I woke up in a heaping pile of cranky this morning. I mean, super duper cranky. “Old me” cranky. This kind of cranky, I haven’t felt in years. I was a ticking time bomb. A blame machine roving around the house. Ready to fire blame at anything in my path.
There was chocolate on the white linen couch, so I blamed our Saturday guests for not respecting our home. David kept clearing his throat, so I blamed him for disturbing my peace. Moxie kept following me around, lobbying hard for a morning walk, so I blamed her for getting underfoot.
Fortunately, today, I wasn’t taking any of the blame personally. I didn’t actually BELIEVE the blame.
Which is, by the way, not what “old me” would have done. “Old me” would have taken off on the blame train and created a day full of unhappy experiences for my old self and others. Stewing on this, perseverating on that. Sending my blame out into the world in my thoughts and interactions.
Fortunately, today, I knew that in my grounded and connected state—a space I reliably cultivate these days—chocolate on the couch is just chocolate and that the couch is probably ripe for a good cleaning anyway, and David clearing his throat is just what it is, and Moxie is being her usual enthusiastic self.
I mentioned to David, “Wow, I am super cranky. Like, old me cranky. I’m blaming everything around me for how bad I’m feeling. There’s chocolate on the couch and I want to blame our guests.” I added, with amusement, “I’m even blaming you for clearing your throat!”
David, grinning, replied “I sensed something was up,” and proceeded to give me wide berth.
I sat to meditate to ground and clear, and the understanding came:
- I was actually in the muck before I went off on a blame bender. My blame was not the cause of how I was feeling, but rather an unconscious effort to validate what I had already been feeling before. There was something else going on with me — some energy present in my field that was the source of my muck. Blame was simply a byproduct of something else happening within me.
- Blame is a desperate act of trying to feel better by getting the yuck energy out of my space (and, often, into someone else’s). Energy doesn’t actually work like that, but that’s the way our unconscious impulses work through projection.
- A lot of us get distracted by the drama that’s created at the level of blame. All of the commotion around who’s to blame, who’s right, who was wronged, who owes who, etc. etc. — it can consume people, families, communities, and countries for years, lifetimes even, without ever recognizing that blame is simply a distraction from what’s actually going on below the surface, where the true opportunity lies.
- The real opportunity, when you notice yourself blaming, no matter the circumstances, is to avoid the temptation to believe it or get swept up in it, and to look beneath it to uncover the source. And, in my experience, it almost always leads back to some version of “I’m not lovable” or “I’m not enough.”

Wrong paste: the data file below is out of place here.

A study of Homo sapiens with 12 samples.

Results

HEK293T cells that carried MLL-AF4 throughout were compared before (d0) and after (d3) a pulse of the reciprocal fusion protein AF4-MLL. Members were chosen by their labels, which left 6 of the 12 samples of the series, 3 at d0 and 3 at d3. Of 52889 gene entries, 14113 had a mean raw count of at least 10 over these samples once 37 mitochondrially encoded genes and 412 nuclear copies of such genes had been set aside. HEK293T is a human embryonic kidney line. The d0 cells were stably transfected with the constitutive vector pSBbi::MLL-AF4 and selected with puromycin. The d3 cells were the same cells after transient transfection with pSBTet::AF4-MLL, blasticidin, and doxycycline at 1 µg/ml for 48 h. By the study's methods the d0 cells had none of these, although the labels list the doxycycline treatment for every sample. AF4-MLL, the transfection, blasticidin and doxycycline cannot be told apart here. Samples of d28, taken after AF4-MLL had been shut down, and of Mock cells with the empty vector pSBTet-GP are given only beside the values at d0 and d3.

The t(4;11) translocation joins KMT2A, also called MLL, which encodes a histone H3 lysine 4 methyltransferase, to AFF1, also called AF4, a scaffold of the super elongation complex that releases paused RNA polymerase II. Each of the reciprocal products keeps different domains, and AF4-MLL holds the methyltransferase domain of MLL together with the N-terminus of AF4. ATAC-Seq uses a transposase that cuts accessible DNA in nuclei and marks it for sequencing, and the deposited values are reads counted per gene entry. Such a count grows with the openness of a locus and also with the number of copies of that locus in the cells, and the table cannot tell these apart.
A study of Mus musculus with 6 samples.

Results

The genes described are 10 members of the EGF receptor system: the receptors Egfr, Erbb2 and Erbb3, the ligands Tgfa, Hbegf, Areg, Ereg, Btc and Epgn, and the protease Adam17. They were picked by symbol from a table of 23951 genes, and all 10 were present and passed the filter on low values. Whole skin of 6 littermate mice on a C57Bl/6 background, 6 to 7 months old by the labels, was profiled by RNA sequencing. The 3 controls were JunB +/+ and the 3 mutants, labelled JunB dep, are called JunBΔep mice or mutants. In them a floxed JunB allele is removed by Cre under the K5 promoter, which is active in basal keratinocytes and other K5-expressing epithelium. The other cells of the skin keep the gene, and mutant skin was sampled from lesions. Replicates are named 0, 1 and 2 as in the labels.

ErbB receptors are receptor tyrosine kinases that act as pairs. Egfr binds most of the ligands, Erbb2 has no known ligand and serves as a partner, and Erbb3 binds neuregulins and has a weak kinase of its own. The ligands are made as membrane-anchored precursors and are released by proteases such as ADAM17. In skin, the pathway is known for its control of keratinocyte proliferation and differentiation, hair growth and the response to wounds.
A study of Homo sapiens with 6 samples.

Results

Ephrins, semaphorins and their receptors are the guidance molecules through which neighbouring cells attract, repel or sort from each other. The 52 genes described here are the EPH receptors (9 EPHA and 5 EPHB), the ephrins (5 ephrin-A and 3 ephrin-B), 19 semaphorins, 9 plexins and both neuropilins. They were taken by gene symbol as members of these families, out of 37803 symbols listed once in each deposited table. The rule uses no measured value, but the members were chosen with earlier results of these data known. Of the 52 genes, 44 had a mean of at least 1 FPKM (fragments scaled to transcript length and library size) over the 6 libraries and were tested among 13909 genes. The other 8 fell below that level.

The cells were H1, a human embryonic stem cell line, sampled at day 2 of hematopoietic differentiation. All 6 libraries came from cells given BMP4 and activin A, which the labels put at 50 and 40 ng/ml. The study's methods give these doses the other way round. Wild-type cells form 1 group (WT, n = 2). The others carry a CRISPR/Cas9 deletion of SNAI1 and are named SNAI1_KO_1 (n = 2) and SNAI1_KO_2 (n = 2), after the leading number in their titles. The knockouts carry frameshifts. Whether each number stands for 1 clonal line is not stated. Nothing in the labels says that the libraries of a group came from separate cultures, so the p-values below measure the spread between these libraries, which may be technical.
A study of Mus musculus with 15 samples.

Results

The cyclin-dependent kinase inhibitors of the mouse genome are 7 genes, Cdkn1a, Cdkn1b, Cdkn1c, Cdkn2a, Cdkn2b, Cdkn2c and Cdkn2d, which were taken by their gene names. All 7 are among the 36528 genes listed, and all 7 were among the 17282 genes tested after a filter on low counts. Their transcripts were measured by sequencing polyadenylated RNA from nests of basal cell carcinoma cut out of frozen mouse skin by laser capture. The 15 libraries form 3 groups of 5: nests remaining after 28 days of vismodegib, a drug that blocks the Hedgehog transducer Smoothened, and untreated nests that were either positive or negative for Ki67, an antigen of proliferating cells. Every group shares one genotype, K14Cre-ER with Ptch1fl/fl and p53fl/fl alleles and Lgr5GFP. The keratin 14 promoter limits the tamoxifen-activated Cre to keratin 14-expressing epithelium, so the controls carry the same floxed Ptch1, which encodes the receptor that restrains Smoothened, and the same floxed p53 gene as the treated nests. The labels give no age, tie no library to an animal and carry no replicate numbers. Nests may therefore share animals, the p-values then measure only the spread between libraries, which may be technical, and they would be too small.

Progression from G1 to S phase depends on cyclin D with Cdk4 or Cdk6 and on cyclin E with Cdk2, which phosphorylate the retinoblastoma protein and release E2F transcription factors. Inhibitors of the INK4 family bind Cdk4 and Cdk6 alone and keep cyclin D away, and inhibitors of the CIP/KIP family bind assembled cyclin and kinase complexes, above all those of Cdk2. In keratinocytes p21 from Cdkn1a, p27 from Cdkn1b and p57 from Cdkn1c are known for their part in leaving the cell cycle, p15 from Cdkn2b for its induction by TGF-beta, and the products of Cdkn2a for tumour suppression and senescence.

- There is nobody but me who has the power (and responsibility) to heal the lie in my space that tells me I’m not lovable or I’m not enough.
I sat in meditation clearing the lie of unlovability and noticed how all of the blame that had consumed me earlier in the day simply evaporated from my space without leaving any residue.
What opened next was a window into experiences in relationships where I’ve been held to blame, allowing me to appreciate that others’ blame of me is rooted in their experience of themselves as fundamentally unlovable.
It also reminded me of my own “old me” creations, when David and I were together years ago. In our relationship, before we had our year of separation (ie, transformation), I could easily get caught up in this way of interacting. I had my usual list of complaints, things I blamed him for, like not being communicative enough, not being interested in my own interests, not creating more time together.
And with today’s new way of seeing — that the yuck feeling comes before the impulse to blame — I saw clearly how I had been feeling about myself before these complaints surfaced. The truth was, I was feeling unlovable and not enough within myself, and these complaints happened to be the ways I was validating my belief and experience of unlovability.
Back then, I devoted significant time and energy trying to get David to address my complaints, thinking that I would feel better when he changed. And maybe, every once in a while, I’d feel just a skosh better, but it wouldn’t last.
It wasn’t until I went under the surface, and addressed what was really going on within me, that I was able to co-create a relationship of generous love, freedom and joy.
If this post struck a cord with you, you might be interested in an online course I’ll be teaching beginning March 5. It’s called Whole Hearts in Love and it’s all about creating love from the wholeness of your own heart. I created this 4-week e-course from my own experience, through the transformation of my marriage, and my work with many others. Whether you’re in relationship now or you want to create a relationship, this course gives you the perspective and tools to ground in your own wholeness so you can create love from the infinite source of love that is you.